This article has been revised to reflect the following correction:
Jones was referring to his homeowners insurance, not flood insurance as first reported in this story.
From sandbagging operations to possibly closing Falls Park, Sioux Falls city officials are bracing for the Big Sioux River to rise significantly. They are telling people to plan ahead for the possibility of more flooding in the coming days. Crews are most concerned about Skunk Creek and spots along the Big Sioux River. Mayor Paul TenHaken says Falls Park will likely close. He also reminds people not to drive or walk around barricades for your own safety. The city also says it is developing a sandbag operation.
This is no doubt disappointing news for people who are still cleaning up from last week’s flood. For many, it will cost thousands of dollars to repair the damage, and unfortunately, flood insurance doesn’t cover everything.
Todd Jones lives near 41st and Lotta Streets, one of the hardest-hit areas in Sioux Falls during last week’s flooding. His basement was underwater and a wall collapsed.
“I’m just violated … it’s just terrible,” Jones said.
He got some disappointing news from his insurance agent on Monday.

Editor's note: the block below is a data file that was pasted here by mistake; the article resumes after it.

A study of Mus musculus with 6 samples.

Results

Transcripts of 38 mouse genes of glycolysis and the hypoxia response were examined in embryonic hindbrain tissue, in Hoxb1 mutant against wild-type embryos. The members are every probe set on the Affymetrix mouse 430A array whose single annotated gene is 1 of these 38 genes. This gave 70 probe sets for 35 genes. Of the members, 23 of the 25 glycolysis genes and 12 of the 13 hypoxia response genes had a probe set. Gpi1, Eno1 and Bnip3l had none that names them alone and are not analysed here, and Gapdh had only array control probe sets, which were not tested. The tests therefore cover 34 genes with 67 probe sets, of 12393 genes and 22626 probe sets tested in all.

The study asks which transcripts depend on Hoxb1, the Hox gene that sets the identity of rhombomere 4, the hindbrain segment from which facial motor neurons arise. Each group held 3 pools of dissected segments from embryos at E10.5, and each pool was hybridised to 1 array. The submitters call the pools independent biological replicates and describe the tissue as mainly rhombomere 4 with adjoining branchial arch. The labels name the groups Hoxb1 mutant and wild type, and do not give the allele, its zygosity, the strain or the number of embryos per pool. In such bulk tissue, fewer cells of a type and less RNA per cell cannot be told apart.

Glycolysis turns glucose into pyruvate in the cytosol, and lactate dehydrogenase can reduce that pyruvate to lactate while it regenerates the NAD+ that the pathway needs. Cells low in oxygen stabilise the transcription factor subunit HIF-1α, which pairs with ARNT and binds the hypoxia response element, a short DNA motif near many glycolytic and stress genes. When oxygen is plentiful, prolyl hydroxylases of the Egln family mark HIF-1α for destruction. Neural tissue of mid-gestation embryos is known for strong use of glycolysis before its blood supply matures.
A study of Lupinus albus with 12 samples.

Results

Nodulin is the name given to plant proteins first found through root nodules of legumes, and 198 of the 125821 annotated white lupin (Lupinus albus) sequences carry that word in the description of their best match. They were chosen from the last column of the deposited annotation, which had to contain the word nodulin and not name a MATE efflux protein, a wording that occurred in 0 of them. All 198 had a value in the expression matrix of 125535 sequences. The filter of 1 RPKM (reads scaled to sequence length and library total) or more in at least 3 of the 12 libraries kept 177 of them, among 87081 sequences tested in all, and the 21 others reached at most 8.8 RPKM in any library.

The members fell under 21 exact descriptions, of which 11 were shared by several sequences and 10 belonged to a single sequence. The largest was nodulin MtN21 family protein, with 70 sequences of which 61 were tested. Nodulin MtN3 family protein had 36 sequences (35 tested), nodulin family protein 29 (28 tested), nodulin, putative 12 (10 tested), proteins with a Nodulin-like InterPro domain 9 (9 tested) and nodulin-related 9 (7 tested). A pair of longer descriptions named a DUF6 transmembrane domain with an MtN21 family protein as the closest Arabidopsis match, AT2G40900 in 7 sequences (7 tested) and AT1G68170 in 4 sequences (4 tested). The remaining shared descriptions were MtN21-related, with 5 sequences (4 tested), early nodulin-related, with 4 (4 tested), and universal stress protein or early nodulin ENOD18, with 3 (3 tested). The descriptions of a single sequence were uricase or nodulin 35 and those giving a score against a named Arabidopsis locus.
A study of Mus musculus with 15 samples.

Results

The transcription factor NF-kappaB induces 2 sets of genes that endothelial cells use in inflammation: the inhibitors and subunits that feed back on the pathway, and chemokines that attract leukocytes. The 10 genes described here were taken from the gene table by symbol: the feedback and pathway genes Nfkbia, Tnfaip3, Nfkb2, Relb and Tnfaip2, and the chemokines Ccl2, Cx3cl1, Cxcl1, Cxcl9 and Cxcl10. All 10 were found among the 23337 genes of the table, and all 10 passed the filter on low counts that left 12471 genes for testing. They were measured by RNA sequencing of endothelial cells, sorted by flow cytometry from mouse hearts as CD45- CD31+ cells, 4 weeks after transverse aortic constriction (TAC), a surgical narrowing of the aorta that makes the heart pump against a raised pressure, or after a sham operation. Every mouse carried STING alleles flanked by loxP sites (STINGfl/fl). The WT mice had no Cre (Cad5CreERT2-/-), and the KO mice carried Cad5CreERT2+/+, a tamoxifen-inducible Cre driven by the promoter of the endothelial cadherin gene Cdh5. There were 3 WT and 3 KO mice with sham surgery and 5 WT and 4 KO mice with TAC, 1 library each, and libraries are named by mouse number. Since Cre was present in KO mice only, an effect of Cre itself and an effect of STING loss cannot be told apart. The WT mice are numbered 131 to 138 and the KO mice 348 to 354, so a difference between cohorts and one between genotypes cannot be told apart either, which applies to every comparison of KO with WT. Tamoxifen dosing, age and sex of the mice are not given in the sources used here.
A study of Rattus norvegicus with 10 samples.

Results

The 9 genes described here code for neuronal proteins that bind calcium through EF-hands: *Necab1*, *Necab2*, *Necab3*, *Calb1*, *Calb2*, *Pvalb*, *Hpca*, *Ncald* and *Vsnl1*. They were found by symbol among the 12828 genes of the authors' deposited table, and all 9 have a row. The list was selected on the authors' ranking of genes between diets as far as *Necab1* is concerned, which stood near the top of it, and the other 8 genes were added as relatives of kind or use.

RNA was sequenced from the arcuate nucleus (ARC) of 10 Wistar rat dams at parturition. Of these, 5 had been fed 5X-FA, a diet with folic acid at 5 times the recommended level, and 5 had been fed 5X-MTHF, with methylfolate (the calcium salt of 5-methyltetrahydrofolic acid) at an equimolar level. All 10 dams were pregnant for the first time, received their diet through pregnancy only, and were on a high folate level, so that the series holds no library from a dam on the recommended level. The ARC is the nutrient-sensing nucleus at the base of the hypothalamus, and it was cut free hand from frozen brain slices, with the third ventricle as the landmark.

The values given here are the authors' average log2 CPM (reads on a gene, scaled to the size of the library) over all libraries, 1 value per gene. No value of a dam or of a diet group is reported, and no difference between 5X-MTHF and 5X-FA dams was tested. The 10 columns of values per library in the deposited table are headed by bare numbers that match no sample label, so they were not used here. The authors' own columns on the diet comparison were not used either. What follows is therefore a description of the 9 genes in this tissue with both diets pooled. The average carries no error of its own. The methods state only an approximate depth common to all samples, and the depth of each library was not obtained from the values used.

“I got a collapsed south wall, and I don’t know, is the homeowners going to help me with stuff I’ve lost around the yard, and in my shed, and in my garage,” Jones said. “I lost my 2018 Harley-Davidson is shot, it’s out in the garage, brand new and not even 2,000 miles on it.”
Jones says his personal belongings won’t be covered by his homeowners insurance. Insurance agent Dean Karsky says that’s often the case.
“Flood insurance typically covers what’s above grade, meaning above ground-level,” Karsky said. “So if you’re worried about your basement flooding, and you buy flood insurance policy, you will have some coverage. You won’t have coverage for carpeting or personal property.”
But flood coverage and a home policy are very different things.
“I’m not aware of any home policy written in the industry that covers actual flooding off of a regular home policy,” Karsky said.
Whatever is and isn’t covered, figuring out how to pay for all the damage can be just as overwhelming.
“It’s devastating, actually,” Jones said. “Living like a hermit in my bedroom and my bathroom.”
Karsky says there’s a 30-day waiting period for flood insurance, so if you didn’t have it and wanted to buy it now, it wouldn’t cover what happened last week.